Caring for an elderly loved one is a stressful undertaking for anyone. It not only is physically stressful, but also emotionally. This stress can build up over time and can even become worse as your loved one becomes harder and harder to care for. At this point, caregivers can easily become burnt out and feel helpless as to what they can do to rectify the situation and return to a healthy life balance. With that in mind, we have gathered some tips below to help you recognize and cope with caregiver burnout.
Common Indicators of Caregiver Burnout
– Reflect on how others have been interacting with you. Have close friends and family members expressed concern that you look tired or just your general well-being? Sometimes it takes someone close to you for you to realize that there might be a problem. Caregivers when they are close to burnout tend to be too involved in the care of their loved one to take note of their own wellness.
– Reflect on the health of your current relationships. Have things seemed tense between you and your spouse? Or your close friends and families? One way that stress can be unhealthily expressed is through taking said stress out on others rather than addressing the root issue. If you are witnessing this behavior in yourself you might be experiencing burnout.
– Reflect on your own health. Have you had trouble sleeping? Have you noticed a decrease or increase in appetite? Have you had irregular weight gain or loss? Do you constantly feel worn out? Do you have trouble concentrating? Are you more irritable then normal? All of these physical and mental symptoms may be signs of increased stress levels that are not being dealt with productively. Abnormal amounts of stress can negatively affect your daily habits that help you maintain a healthy life balance.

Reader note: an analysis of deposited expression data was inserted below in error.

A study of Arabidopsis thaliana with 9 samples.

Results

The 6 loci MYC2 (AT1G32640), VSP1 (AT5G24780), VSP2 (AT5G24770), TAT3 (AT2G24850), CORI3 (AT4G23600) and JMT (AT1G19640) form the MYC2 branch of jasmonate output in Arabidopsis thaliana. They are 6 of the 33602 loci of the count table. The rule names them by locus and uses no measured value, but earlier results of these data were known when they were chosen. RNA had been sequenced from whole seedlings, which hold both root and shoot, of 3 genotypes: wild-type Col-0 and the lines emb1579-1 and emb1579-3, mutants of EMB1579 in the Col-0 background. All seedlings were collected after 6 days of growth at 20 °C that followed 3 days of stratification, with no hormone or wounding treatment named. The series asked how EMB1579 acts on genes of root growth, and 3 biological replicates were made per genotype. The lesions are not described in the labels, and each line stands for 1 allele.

Steps to Help Mediate Burnout
– Find your tribe. Search out other caregivers and find a supportive community who can empathize and help you cope with what you are experiencing. Local caregiver support groups can especially helpful as they allow a safe space to discuss sensitive issues and allow you to come up with effective and productive coping strategies. Support groups also run on a consistent schedule, which will ensure that you are getting regular time to decompress with an empathetic audience.
– Stay positive. Try to be aware of how you think and speak about yourself and others. Are you more positive or negative? What words seem to keep being used? Be kind not only to others, but also yourself in the way you speak. It can make a world of difference.
– Be mindful of the positive in your life. At the end of the day, reflect on what has happened and pick one thing that made you happy. It could be the cup of coffee your co-worker brought you or that you got to have a nice chat with a friend. Then at the end of the week, take some time to think about what you have done to change your outlook. Make a list of what you have done and what you would still like to do to bring more positivity into your life.
– Accept your limitations. This step is perhaps the hardest. Remember that you are only one person who has their own set of strengths and weaknesses. Make realistic plans and goals for yourself that are manageable and attainable. Remember it is better to do a few things well than to undertake many good works and leave them half done.